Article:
Help for street kids-A A +A
Wednesday, January 8, 2014
ONE of the striking things that has immediately attracted public attention to the then new Cebu City administration in the late eighties was the apolitical effort of the wife of the new mayor.
It was a politically unattractive effort of the city’s first lady to do something about the city’s street children that abounded then at the downtown area, along Colon, Magallanes and Legaspi streets and at the vicinity of the Carbon market.
They were a horde of unkempt, almost unclothed, unhealthy, and generally unshod children who were just a little better than the four-legged young of the beasts in the hills beyond the city, except that those in the city’s downtown streets were two-
legged and not grass-eaters.
Suddenly out of nowhere came the rather unheralded emergence of a so-called center for street children in the Parian area, an ancient place known for its being historical.
Truth to tell, except for the Cathedral and the Santo Niño church, which was not yet a Basilica, Parian was initially hardly known to the provincial Cebuano. Talk of the Parian only emerged when they returned to their distant abode in the towns.
The other day, Parian came back to mind when the threat of street kids losing their “home” took centerstage, tied up with the originator of the Parian Drop-in Center.
However, those who have long resided in the city can no more evade coming to terms with the politics of the place than he or she can elude thinking of the city’s mayoral sidekick, the city’s First Lady who is said to be a better politician than the then city mayor himself.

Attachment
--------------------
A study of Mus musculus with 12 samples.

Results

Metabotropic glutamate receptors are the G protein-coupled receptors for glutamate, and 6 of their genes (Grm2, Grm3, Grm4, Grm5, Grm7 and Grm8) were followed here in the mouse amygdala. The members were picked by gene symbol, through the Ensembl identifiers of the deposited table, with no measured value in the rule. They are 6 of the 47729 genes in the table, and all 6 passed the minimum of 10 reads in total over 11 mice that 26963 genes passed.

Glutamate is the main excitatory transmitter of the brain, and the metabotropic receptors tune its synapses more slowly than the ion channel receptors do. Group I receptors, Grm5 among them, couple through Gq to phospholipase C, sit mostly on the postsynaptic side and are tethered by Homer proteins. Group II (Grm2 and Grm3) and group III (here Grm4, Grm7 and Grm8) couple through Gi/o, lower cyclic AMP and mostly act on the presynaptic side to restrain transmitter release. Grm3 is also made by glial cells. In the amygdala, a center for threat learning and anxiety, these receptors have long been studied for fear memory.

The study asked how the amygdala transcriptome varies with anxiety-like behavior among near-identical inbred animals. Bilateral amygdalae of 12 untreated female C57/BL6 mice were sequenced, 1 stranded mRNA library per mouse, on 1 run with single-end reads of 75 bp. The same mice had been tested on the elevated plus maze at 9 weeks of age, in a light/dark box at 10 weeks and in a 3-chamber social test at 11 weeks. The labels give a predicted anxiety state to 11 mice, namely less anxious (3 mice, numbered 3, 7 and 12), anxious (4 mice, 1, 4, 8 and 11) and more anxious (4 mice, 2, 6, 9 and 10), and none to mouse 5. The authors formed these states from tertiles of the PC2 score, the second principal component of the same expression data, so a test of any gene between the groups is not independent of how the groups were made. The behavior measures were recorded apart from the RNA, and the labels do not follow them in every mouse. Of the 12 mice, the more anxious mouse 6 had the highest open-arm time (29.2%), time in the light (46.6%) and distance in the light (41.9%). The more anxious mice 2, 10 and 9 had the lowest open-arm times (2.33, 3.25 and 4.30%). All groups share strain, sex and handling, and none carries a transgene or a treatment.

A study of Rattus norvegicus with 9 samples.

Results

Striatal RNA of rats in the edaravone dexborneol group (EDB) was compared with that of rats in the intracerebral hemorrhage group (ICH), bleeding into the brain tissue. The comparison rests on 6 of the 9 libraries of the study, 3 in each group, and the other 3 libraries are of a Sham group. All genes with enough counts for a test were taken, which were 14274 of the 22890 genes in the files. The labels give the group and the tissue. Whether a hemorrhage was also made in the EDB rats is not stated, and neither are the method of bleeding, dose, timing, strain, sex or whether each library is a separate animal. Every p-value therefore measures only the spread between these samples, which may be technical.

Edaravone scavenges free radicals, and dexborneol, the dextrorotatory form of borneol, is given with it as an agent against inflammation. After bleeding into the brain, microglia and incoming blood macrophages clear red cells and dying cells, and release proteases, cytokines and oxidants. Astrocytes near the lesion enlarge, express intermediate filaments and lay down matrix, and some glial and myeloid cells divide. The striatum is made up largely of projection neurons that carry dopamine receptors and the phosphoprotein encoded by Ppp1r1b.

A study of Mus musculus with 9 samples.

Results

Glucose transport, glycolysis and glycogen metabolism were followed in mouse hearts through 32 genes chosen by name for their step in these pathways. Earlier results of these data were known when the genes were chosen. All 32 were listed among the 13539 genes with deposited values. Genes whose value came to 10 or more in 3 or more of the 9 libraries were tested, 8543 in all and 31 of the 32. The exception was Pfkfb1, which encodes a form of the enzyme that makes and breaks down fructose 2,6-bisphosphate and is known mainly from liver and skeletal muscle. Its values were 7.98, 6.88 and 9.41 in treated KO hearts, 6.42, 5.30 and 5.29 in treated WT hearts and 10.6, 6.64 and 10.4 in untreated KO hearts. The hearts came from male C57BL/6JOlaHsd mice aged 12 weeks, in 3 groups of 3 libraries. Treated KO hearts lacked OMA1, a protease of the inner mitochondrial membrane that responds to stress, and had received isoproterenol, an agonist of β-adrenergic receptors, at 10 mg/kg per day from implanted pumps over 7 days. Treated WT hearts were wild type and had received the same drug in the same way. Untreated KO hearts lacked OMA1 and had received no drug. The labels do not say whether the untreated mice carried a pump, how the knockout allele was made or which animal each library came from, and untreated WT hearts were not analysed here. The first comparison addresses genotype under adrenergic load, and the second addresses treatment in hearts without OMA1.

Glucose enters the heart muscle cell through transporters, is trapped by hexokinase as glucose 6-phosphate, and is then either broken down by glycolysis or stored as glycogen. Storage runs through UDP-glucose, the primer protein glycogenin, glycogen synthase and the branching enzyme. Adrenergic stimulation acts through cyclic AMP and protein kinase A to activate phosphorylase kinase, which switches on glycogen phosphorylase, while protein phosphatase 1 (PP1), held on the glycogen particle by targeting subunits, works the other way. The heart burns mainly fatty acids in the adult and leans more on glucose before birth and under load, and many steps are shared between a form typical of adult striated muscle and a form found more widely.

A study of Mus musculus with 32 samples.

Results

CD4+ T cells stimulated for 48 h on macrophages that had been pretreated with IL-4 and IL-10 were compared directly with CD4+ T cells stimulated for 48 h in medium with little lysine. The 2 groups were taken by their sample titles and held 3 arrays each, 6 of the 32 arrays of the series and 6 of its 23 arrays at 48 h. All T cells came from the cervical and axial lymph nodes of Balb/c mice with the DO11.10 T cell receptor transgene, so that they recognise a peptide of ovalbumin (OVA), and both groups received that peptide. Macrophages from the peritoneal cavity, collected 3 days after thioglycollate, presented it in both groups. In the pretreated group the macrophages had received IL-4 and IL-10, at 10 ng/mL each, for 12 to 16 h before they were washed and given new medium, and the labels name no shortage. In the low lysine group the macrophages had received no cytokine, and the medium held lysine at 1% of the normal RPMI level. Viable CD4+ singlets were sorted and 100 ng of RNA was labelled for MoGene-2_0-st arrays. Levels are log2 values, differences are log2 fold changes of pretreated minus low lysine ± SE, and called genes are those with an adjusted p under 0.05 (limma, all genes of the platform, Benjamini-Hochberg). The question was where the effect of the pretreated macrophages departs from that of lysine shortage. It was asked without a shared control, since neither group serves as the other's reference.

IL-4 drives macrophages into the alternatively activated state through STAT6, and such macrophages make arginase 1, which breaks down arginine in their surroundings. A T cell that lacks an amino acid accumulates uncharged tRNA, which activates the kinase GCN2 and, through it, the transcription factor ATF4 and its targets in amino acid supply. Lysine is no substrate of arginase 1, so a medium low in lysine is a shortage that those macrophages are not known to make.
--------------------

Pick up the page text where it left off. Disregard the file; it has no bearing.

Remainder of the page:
I recall that the first occasion I met her was when I returned home from Singapore with some of the city’s newsmen. I was writing a column then for the Morning Times.
A few days after our return, I received a call from an aide of Tomas Osmeña, the would-be mayoralty candidate of the city who had just recently returned to Cebu from the United States. Since he was a close friend of then senator Raul Manglapus who was Christian Democrat in his politics, and one of the sponsors in my wedding some years back in Liloan, I obliged.
Mrs. Margot Osmena prepared the native lunch and also served it. She was a very gracious host, and I was not surprised to hear later on that she was also a very warm and winning politician, even better than her husband.
Thus, the emergence of the shelter for street children in Parian when her husband became city mayor did not surprise me at all, especially since I learned that she is also scion of a very political family in southern Luzon.
It would, indeed, be a very unfortunate event in our program to help and uplift the lot of our street children. They are, more than anything else in our social condition right now, most in need of help.
I would like to add my voice to the appeal to the United Nations International Children’s Fund (Unicef) for it to please include the Cebu street children in its list of beneficiaries. They also deserve help as much as those in calamity-stricken areas.
Published in the Sun.Star Cebu newspaper on January 08, 2014.